Revolutionary Photography: Lytro captures lightfield for post-capture focusing

Silicon Valley start-up Lytro announced it will ship this year a new consumer camera that yields a “living picture” in which the focus can be adjusted — say, from foreground to background subjects — long after the scene is initially captured.

“Our new light field camera company,” says founder Ren Ng, “will forever change how everyone takes and experiences pictures. Lytro’s launch is truly the start of a picture revolution.”

Lytro’s sensor captures not just the directional light gathered by traditional cameras, but what is called the lightfield, which includes scattered light bouncing from various directions. The resulting image contains more data than a standard photo, including distance information. That data means the file can display a 3D image, or one in which the depth of field can be interactively adjusted.

Lytro founder Ren Ng demonstrated his early prototype at our 6Sight Future of Imaging conference in 2007, at which time he was developing a “Refocus” optical filter that would reside between the lens and sensor, and could be added in the factory to otherwise standard camera designs. The new company apparently has integrated that filter into a new sensor design, which it will bring to market itself in a proprietary camera.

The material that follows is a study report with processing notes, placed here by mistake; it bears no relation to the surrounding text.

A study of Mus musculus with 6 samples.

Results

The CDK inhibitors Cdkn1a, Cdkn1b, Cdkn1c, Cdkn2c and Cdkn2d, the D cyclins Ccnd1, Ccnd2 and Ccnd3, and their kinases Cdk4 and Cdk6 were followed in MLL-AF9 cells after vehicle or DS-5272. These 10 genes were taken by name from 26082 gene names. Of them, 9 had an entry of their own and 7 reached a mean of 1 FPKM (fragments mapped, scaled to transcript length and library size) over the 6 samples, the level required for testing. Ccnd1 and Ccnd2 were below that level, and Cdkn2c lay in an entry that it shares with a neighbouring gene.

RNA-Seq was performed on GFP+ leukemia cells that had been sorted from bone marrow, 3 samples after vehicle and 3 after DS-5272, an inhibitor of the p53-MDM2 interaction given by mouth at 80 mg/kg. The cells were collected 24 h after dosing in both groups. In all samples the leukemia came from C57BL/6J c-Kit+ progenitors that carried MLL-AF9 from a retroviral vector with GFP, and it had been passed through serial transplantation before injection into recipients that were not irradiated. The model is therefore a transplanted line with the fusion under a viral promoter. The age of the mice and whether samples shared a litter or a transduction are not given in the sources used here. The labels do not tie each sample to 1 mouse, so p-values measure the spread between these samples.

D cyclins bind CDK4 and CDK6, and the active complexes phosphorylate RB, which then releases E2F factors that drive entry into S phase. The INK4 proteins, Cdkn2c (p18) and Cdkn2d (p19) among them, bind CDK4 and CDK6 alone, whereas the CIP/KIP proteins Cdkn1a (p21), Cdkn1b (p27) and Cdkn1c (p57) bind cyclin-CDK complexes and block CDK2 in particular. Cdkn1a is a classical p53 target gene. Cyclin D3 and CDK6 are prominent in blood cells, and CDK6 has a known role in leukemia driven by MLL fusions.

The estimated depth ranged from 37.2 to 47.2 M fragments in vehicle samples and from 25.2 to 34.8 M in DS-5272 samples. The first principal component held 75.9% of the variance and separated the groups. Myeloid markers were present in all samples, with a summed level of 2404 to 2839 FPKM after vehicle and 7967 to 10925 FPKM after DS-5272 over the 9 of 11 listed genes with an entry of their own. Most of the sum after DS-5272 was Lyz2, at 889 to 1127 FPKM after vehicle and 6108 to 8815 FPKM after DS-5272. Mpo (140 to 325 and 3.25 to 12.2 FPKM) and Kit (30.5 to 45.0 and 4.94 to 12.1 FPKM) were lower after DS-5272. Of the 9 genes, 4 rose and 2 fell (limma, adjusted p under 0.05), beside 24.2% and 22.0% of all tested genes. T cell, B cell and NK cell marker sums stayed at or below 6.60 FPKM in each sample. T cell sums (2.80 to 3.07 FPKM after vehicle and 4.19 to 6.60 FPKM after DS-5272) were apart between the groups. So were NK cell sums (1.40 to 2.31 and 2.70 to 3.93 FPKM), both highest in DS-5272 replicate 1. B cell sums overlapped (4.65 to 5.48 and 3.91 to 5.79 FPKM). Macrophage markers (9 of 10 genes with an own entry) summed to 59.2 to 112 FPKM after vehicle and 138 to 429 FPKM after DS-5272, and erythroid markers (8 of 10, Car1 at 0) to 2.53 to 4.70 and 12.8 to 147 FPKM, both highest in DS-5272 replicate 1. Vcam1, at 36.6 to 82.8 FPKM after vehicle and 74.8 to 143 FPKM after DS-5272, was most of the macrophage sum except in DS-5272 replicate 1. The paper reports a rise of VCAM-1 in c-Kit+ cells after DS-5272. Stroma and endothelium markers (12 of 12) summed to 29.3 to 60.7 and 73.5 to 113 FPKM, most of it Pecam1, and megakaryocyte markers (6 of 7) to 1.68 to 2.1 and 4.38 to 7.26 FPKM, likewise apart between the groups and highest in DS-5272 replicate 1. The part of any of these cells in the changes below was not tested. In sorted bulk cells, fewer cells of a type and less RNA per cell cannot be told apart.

Ng says he started work in the area  eight years ago, when he was in the PhD program at Stanford University. “I loved photography then as I do now, but I was frustrated and puzzled by the apparent limitations of cameras.”

The new company has forty four people, “sparkling with talent, energy and inspiration,” Ng says. “Our mission is to change photography forever, making conventional cameras a thing of the past. Humans have always had a fundamental need to share our stories visually, and from cave paintings to digital cameras we have been on a long search for ways to make a better picture. Light field cameras are the next big step in that picture revolution.”

How does it work? The company provides the following explanation:

“Recording light fields requires an innovative, entirely new kind of sensor called a light field sensor. The light field sensor captures the color, intensity and vector direction of the rays of light. This directional information is completely lost with traditional camera sensors, which simply add up all the light rays and record them as a single amount of light.

“By substituting powerful software for many of the internal parts of regular cameras, light field processing introduces new capabilities that were never before possible. Sophisticated algorithms use the full light field to unleash new ways to make and view pictures.

“Relying on software rather than components can improve performance, from increased speed of picture taking to the potential for capturing better pictures in low light. It also creates new opportunities to innovate on camera lenses, controls and design.”

 

Re-focusable demonstration photos are here.